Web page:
If you’re struggling to make sense of the tens of thousands of health, fitness and muscle-building videos on YouTube, bodybuilder Joe Delaney is here to cut through the noise. In a recent video, Delaney shared five tips — his “golden rules” — to help you gain muscle with minimal faff.
“My whole training approach and philosophy centres around the idea that you probably get 90 to 95 per cent of your progress simply from focusing on the absolute fundamentals and ensuring that you’re doing those well and consistently,” he explains. “For most people, who just want to be in good shape and want to carry on with the rest of their lives, it’s best to just focus on those aspects where you get the best return on investment on the time and effort you put in.” With that in mind, let’s get stuck in.
Maintaining a Calorie Surplus
“First and foremost, we have to have to maintain a calorie surplus, because, regardless of whatever else you’re doing, how hard or often you’re training, you simply cannot magic something from nothing,” Delaney explains. “You need some calories left over to enable the muscle-building process to occur…by creating tiny tears in your muscle fibres during training, which then grow back bigger.”
Sufficient Volume, Frequency and Intensity
“We can replace [the term] ‘volume’ with ‘quantity’, which is usually measured in [the] number of working sets. We can talk about weekly volume per muscle group, how many working sets you perform over the week for a particular muscle group; or total workout volume, which is how many overall sets there are in a workout,” Delaney explains. “Frequency is just how often we’re training a muscle group and, again, we tend to talk about that in the context of a week. A high-frequency training split would be one that has you hitting each muscle group often, such as a full-body split.”
“Intensity is a funny one, because it can have two meanings. Technically, it’s used to describe how heavy the weight is in relation to your one-rep max. A heavier weight always equates to a higher intensity, regardless of how difficult the set is overall. On paper, a set of five reps with 100kg would technically be at a higher intensity than a set of, say, 25 reps with 95kg.” Delaney goes onto recommend that beginners should look at 10 sets per muscle group every week — “as many sets as you can fit in within your training split,” he says — and recommends to train each body part around twice a week. Anything more, he explains, would result in “diminishing returns.” Lastly, “if a set is too easy and you’re perfectly capable of completing it without struggling, there is no reason for your body to adapt…the sweet spot seems to be taking most of your sets between one and three sets from failure.”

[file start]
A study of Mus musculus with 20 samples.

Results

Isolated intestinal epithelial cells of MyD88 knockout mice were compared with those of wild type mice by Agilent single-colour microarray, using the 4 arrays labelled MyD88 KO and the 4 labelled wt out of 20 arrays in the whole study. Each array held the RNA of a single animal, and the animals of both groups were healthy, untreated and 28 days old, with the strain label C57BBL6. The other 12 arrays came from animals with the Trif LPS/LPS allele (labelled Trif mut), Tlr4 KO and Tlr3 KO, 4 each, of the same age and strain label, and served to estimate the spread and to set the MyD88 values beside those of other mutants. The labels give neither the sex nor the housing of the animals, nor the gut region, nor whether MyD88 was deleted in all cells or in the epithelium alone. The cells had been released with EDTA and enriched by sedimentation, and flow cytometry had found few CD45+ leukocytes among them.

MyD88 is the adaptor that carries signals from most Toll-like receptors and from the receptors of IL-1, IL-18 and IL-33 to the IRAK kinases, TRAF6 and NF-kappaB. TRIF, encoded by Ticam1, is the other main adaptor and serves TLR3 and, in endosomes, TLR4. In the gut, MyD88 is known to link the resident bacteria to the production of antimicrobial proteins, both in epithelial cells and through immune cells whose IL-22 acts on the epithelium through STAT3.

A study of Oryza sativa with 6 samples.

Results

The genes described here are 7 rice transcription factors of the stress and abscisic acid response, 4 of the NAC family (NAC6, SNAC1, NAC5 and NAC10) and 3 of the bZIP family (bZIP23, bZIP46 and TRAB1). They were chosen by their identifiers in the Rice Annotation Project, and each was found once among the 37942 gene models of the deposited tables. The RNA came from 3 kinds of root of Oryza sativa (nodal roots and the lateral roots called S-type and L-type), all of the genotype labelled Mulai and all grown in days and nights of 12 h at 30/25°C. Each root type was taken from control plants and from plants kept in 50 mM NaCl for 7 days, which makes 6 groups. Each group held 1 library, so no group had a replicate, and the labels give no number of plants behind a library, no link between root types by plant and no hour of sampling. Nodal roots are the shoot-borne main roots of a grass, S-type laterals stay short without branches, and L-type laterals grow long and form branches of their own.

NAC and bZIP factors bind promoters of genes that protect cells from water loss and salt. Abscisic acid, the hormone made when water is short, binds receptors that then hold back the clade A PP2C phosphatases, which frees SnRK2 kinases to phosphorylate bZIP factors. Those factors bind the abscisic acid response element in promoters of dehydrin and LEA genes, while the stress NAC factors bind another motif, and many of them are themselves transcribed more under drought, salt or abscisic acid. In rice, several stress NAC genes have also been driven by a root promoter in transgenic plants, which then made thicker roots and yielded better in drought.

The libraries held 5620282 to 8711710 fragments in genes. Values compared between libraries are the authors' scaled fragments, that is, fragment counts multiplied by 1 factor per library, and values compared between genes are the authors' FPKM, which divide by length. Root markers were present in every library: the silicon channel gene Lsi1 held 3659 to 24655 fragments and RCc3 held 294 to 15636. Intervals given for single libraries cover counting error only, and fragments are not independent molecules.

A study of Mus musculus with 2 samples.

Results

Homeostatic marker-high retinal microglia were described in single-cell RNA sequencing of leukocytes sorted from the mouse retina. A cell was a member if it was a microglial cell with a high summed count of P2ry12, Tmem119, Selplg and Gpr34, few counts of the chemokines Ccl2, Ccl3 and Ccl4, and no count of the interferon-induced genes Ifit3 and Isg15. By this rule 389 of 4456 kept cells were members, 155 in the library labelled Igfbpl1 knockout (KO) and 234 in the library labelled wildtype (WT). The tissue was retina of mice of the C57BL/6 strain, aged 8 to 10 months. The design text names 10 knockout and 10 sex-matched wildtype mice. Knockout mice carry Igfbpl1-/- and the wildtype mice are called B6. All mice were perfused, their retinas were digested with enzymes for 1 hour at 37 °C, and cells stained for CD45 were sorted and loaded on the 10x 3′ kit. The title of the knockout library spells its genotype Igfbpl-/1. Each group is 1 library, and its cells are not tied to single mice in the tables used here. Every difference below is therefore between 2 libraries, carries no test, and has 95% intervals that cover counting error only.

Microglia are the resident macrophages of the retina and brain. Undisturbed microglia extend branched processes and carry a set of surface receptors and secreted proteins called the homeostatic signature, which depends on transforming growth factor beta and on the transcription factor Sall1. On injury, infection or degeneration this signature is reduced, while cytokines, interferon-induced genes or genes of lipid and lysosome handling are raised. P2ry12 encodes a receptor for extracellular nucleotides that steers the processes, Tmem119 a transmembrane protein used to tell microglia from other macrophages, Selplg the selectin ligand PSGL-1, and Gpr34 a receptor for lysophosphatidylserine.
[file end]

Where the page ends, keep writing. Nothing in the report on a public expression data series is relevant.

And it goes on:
Adequate Sleep and Recovery
Gents, don’t be sleeping on adequate rest. “There’s a few ways that sleep, or lack thereof, can affect your ability to build muscle. First, a lack of sleep will be detrimental to your workout performance. A set that stops at two reps from failure, or what feels like it, when you’re tired and lethargic; is not worth the same as when you’re fresh and full of energy.” Delaney goes on to share two studies (here and here) that prove deep or ‘slow-wave’ sleep is vital for muscle repair and, if sleep is inadequate, “not getting your eight hours can have a detrimental effect on your hormone levels.”
“You can do everything that I’ve described in this video, but only do it for a week or a day on and off, you’re not going to get very far,” Delaney explains. “Your body will adapt to the demand placed on it, but that is a consistent process, so if the demand one week is the usual five resistance training sessions, but in the following week you do zero, you’ll begin to adapt to that…your body will tip towards the average demand placed on it.”
Lastly, as your strength and fitness progresses, Delaney stresses that you should always be looking to progressively overload either the reps you’re performing on each movement, or the total weight you’re lifting. Also, “as you repeat your movements week in and. weekout, your mobility might start to increase and you might start to use a wider, longer, or bigger range of motion,” Delaney explains. “Two. or three years into training, you’ll need to think about progressive overload more methodically.